Last month's outages caused millions of Texans to lose power and heat during subfreezing temperatures.

Congress is looking into last month's massive and deadly power outages across Texas and questioning officials who oversee the state's energy industry and electric grid.

A House Energy Committee on Wednesday heard from Bill Magness, the outgoing CEO of the grid operator, the Electric Reliability Council of Texas, and Christi Craddick, chair of the Texas Railroad Commission.

Among the critical members of Congress was North Texas Rep. Mark Veasey.

“We were literally less than five minutes away from the entire grid crashing,” Veasey said. “We had people sleeping inside their kitchens, next to their stove, so they can stay warm.”

In written testimony submitted before the hearing, Houston Mayor Sylvester Turner said the Texas grid was designed for peak summer heat, and policymakers wrongly believed that a 2011 severe winter storm that caused outages was an anomaly.

Turner said state leaders assumed that a pricing system that rewards power companies for generating when electricity is in high demand would compel those companies to be prepared for the next big winter storm.

"It did not happen," he said. "The magnitude of the damages was foreseeable and preventable."

Turner was asked about what needs to improve.

“Infrastructure needs to be improved. It is outdated,” Turner said. “I do agree we need to rely more on technology and I do agree we need to have energy storage, but you have to factor into the equation that the storms are coming with greater frequency and greater intensity.”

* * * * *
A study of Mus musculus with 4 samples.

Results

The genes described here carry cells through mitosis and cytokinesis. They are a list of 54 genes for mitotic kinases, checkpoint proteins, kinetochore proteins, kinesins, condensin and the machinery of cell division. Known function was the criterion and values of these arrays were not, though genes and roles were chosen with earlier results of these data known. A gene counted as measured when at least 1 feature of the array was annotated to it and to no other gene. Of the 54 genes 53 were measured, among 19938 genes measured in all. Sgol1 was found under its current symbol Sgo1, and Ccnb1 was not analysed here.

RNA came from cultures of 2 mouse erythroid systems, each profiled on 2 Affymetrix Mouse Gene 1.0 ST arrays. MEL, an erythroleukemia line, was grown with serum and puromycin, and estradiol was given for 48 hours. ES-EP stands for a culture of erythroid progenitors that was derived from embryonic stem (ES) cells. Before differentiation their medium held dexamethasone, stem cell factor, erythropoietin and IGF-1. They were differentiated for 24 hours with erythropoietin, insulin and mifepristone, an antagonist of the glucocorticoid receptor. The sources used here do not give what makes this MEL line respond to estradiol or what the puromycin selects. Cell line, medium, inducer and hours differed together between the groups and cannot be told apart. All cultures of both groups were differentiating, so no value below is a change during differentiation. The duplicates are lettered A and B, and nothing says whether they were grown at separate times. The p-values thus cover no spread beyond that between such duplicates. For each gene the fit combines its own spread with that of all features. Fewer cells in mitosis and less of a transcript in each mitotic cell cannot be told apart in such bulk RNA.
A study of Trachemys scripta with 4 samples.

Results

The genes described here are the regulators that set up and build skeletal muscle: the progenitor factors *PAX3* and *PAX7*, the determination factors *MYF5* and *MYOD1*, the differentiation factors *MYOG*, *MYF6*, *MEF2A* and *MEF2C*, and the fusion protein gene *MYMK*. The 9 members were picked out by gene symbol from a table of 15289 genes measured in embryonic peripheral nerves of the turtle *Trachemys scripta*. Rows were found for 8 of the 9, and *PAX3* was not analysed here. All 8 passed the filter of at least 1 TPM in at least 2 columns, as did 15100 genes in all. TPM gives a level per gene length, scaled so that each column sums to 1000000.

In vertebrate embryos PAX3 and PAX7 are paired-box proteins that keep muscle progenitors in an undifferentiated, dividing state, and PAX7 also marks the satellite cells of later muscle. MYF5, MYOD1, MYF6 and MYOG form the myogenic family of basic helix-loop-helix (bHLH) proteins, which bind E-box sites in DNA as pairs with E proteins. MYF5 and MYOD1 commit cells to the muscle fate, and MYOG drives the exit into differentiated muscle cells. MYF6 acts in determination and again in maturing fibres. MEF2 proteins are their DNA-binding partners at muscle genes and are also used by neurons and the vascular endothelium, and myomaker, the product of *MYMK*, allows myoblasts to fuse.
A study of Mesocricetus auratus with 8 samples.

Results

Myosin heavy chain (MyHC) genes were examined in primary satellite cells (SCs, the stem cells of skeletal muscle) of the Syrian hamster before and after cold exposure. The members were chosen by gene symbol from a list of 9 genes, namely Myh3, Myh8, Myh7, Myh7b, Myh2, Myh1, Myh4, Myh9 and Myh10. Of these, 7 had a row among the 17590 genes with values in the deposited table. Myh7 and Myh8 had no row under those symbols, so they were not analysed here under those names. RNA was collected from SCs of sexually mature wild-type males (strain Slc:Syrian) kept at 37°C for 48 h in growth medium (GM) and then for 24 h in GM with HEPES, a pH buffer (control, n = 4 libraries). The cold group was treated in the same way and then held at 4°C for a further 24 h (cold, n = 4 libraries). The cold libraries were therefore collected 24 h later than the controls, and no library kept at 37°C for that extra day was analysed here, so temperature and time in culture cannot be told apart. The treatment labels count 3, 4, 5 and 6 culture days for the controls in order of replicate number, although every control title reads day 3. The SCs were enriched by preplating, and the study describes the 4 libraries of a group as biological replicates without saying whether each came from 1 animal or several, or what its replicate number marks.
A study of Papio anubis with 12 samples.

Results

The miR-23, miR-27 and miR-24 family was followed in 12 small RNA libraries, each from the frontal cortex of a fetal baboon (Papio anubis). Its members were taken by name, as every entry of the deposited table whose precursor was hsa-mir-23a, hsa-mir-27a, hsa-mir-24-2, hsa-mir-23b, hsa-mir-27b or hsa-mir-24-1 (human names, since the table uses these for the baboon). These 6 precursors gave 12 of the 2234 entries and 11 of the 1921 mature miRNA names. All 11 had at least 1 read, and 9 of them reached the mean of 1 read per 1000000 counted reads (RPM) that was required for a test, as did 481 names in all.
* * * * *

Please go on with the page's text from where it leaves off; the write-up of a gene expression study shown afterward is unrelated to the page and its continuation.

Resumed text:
For nearly a week in mid-February, most of the state suffered through subfreezing temperatures. Millions lost power and heat. When pipes burst and water systems shut down, Texans were told to boil water for drinking — if they still had a way to boil water.

An early count by state officials puts the death toll from the week at 57, but that is likely a wide undercount. Some of the largest counties, including Bexar, where San Antonio is located, and Travis, home to Austin, have not reported figures yet.

Power from natural gas, coal, nuclear, wind and solar sources all dropped during the storm. Grid officials said critical gas-fired plants shut down for lack of fuel.

In his written testimony, Magness repeated what he has already told the Texas Legislature: At its peak the storm took out nearly half the grid's power-generating capacity, and ERCOT had no choice but to order rolling outages to prevent long-lasting damage to electric infrastructure. That kind of blackout might have taken weeks to repair, he said.

The outgoing Ercot CEO said public communication fell short alerting Texans about continued power outages.

“There was a strong need to get public safety communication out very, very broadly to Texans to understand that this could go on for a while,” Magness said.

Magness said he hopes state leaders are able to work out a new type of alert system.

“To have some sort of Amber Alert or broad notification when this becomes a public safety issue,” Magness said.

RELATED: Amber Alert-style communication system discussed to warn Texans of future widespread electric outages

Christi Craddick of the Texas Railroad Commission, which regulates the state's energy industry, defended her agency and the natural gas operators it oversees.

Craddick said gas wells shut down simply because they didn't have power, and she called gas producers heroes who were critical in restoring power. In her written testimony, Craddick did not mention any need for protecting wells from extreme winter weather.